The Houston Texans are coming to town Sunday, adding the pressure of a divisional game to the Colts week for home contest. While every game is important, the Colts have been burned by losing critical divisional games, especially those against the Texans. This game will be an important one down the stretch for this team.
In preparation for Sunday’s game, we took some time to talk with Brett Kollmann over at Battle Red Blog and asked him a few questions about the Texans leading up to the game. Here’s what he had to say:
Deshaun Watson entered the league last season as one of the most exciting and electrifying players at the quarterback position before going down for the year with an ACL tear. How has he looked in his return so far?
The entire offense, Deshaun included, has looked shaky, but the source of that “shakiness” has definitely been the performance of the offensive line. Or rather...lack of performance. Pass protection has been abysmal, and as a result Watson has taken an unreal number of gigantic hits so far.
You can get on him for throwing a couple of really bad interceptions when he was in desperation mode, yes, but overall the single biggest source of offensive stagnation for these Texans is the fact that they CANNOT keep their quarterback up right to pass the ball. Until they fix that one glaring, overarching issue, this team will struggle to win.
Last year the Texans were without several key pieces on defense including J.J. Watt. How has he looked this season? Do you expect another dominant year from him like he put up in the past?
J.J. finally looked like J.J. again last week against the Giants. He had several near misses on Tom Brady and Blaine Gabbert in weeks one and two, but in week three we at long last saw Watt finish those sacks and put his name on the stat sheet again. He went off for a hat trick against Giants’ right tackle Chad Wheeler, and now sits just one sack off the leader’s pace in the NFL (four sacks).
As for what I expect his overall numbers to be, I do think he can return to those All-Pro numbers as long as he is not constantly double and triple teamed, but the only way that teams won’t constantly double team him is if the Texans are getting more production out of Jadeveon Clowney and Whitney Mercilus. If Watt wants to put up monster numbers, he needs help from those guys too.
The national narrative about the Texans is focused on how bad the offensive line is. Colts fans know as well as anyone that this can sometimes be overblown. Are they really that bad?
You merely adopted bad pass protection in Indy. The Texans were born into it. Molded by it. David Carr didn’t see a clean pocket until he was already a man, but by then it was blinding!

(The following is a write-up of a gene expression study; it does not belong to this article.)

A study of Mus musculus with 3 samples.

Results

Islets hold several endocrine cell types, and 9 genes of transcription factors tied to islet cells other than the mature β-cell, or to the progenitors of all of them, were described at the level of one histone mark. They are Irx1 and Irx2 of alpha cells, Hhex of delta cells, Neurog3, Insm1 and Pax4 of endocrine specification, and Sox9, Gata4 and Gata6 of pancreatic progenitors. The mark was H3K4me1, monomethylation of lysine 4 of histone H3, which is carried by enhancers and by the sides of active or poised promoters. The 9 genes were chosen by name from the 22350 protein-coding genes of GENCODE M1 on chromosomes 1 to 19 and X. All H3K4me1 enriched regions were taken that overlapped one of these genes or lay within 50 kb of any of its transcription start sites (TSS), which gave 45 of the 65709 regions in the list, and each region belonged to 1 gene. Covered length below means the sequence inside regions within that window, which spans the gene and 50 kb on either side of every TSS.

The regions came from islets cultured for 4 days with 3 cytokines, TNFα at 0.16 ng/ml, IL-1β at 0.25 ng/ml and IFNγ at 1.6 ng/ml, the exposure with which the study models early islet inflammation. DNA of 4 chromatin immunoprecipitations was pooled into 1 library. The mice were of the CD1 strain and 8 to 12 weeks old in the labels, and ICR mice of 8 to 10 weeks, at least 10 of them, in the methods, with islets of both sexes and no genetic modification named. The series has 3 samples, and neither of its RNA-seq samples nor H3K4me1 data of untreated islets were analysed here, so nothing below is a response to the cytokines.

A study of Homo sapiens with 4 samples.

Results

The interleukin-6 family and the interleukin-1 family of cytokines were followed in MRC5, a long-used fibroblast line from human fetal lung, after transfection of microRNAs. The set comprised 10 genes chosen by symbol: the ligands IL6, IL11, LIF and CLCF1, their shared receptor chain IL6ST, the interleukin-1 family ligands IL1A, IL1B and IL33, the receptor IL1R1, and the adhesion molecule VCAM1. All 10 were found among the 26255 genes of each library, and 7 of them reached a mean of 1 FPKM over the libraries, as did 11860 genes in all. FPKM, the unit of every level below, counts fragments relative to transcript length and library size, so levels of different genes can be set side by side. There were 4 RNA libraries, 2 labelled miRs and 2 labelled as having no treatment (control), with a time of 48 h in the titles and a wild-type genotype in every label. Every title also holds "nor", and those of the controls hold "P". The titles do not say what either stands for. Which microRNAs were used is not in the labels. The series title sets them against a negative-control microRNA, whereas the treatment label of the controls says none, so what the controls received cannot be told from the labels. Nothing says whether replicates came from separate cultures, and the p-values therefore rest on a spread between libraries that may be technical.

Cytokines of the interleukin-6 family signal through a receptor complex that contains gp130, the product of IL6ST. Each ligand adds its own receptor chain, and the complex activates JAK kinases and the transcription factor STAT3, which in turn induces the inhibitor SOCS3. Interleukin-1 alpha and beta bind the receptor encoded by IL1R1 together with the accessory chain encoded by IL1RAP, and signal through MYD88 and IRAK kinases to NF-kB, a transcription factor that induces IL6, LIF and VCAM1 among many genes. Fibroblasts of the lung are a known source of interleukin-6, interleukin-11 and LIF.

But seriously yes it is that bad. This team couldn’t block a number on their phone let alone a competent pass rusher on third down.
Head coach Bill O’Brien signed a contract extension this offseason, signaling that the front office has faith in him moving forward. From reading a bit on Battle Red Blog, I get the sense that is not necessarily a confidence shared among all fans. What is your read on O’Brien and his outlook with the team long term?
Whether the fans want him gone or not (I personally don’t, or at least not yet), it would take some truly monumental season long screw ups for him to be fired this year. The locker room still loves him, and this team is a lot closer to becoming good than people think.
Literally all they need is just a BIT more time to throw from their offensive line, and they’ll be fine. Once O’Brien sorts that out, or maybe makes a few more adjustments in play calling to compensate, they’ll be fine. I have no idea when the week they turn that switch on will be, but I do expect that switch to be turned on eventually.
How should we expect this Texans offense to attack the Colts defense?
If the first three weeks are anything to go by, they will try to establish the run with Lamar Miller and Alfred Blue, and then take shots to Will Fuller and DeAndre Hopkins down the field. Fuller is the dynamic deep ball specialist that this offense needs in order to function, while Hopkins is the reliable security blanket and red zone threat that *Deshaun* needs in order to function.
If you really want to stop Houston, just load the box to stop the run and set up third downs with long yardages, and then blitz the hell out of Watson on third down. Roll the dice and bet on the fact that you can PROBABLY get to Deshaun before he can hit that open receiver, and you’ll likely be fine. It’s not that Watson can’t handle being blitzed - he definitely can - it’s just that line CAN’T handle it, so you might as well exploit that.